Judge's View: Senate confirmation hearings often misunderstood
The recent confirmation hearings for Judge Brett Kavanaugh have received a great deal of attention, and for good reason. However, a lot of the comments I have seen show a misunderstanding of the nature of the proceedings.
In particular, it seems that many people are equating Senate confirmation hearings with a criminal trial. A nominee for federal office is not on trial, and is not "innocent until proven guilty." There is no right to confront or cross-examine adverse witnesses, as the senators control the questioning.
The nominee is expected to answer questions, so invoking the right against self-incrimination would be extremely unusual, and politically impossible.
Although many of these criminal concepts are very familiar to all of us and vitally important, there are different rules for different types of proceedings. In the case of the Senate Committee on the Judiciary, its role is to determine whether a nominee should be confirmed. You will not find any counterparts to these criminal justice concepts in the committee rules.
Likewise civil actions, such as a personal injury case, are very different from criminal trials. There is no right to remain silent for the defendant who has been sued. In fact, it is fairly common for the defendant to be the first witness called by the plaintiff.
There is no right to court-appointed counsel for an indigent party. Witnesses, particularly medical witnesses with busy schedules, often testify via deposition and do not appear in person for the trial.
And while a civil plaintiff bears the burden of proof like a prosecutor, it is only by a preponderance of the evidence — essentially proving something is more likely than not — instead of the criminal trial's standard of proof beyond a reasonable doubt. Many civil contract disputes never see the inside of a courtroom at all, as mandatory arbitration clauses are increasingly common.
Administrative hearings are an entirely different creature, with even less similarity to a criminal trial. Traditional rules of evidence often do not apply, and the proceedings have their own separate rules allowing types of evidence that would never be admissible in a district court, such as hearsay.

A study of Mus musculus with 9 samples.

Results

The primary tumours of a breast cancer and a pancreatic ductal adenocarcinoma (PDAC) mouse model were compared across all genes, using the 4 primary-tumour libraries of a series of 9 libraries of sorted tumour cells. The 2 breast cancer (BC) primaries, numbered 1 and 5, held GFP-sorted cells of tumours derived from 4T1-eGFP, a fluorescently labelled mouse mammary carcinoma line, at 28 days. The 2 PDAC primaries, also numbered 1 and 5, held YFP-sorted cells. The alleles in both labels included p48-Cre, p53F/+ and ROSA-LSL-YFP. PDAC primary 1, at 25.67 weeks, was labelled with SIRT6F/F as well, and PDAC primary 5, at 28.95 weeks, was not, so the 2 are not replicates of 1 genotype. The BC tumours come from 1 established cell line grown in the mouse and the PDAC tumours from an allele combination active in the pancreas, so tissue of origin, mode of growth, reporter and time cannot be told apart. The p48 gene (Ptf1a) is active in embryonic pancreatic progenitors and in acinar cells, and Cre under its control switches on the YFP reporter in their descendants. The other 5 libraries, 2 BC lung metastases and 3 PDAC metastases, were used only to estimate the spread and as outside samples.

Sometimes, the administrative proceedings have rules specifically barring the use of the evidence received at the hearing in any related civil actions.
For example, testimony in an unemployment hearing usually cannot be used in a private civil action for wrongful termination, even though the testimony is under oath and many of the issues overlap. Administrative hearings are before a single administrative law judge or a panel, but never a randomly selected jury.
The different rules for civil cases tend to spur settlement negotiations, leading to fewer trials on our crowded dockets. As a district judge, I am grateful that we have magistrates who hear child support cases, and administrative law judges who deal with workers' compensation and social security determinations.
Those are highly technical subjects, and it is more efficient to have specialized hearings in those areas. And the Senate has its own job to do regarding the Supreme Court vacancy, with a mix of politics and substance.
There is more to our legal system than just criminal court, and it is important to apply the right set of rules.
Judge Dale Harris is a judge in the Sixth Judicial District, working out of the St. Louis County Courthouse in Duluth. He was born in Two Harbors. He and his wife, Barbara, live in Hermantown with their four children.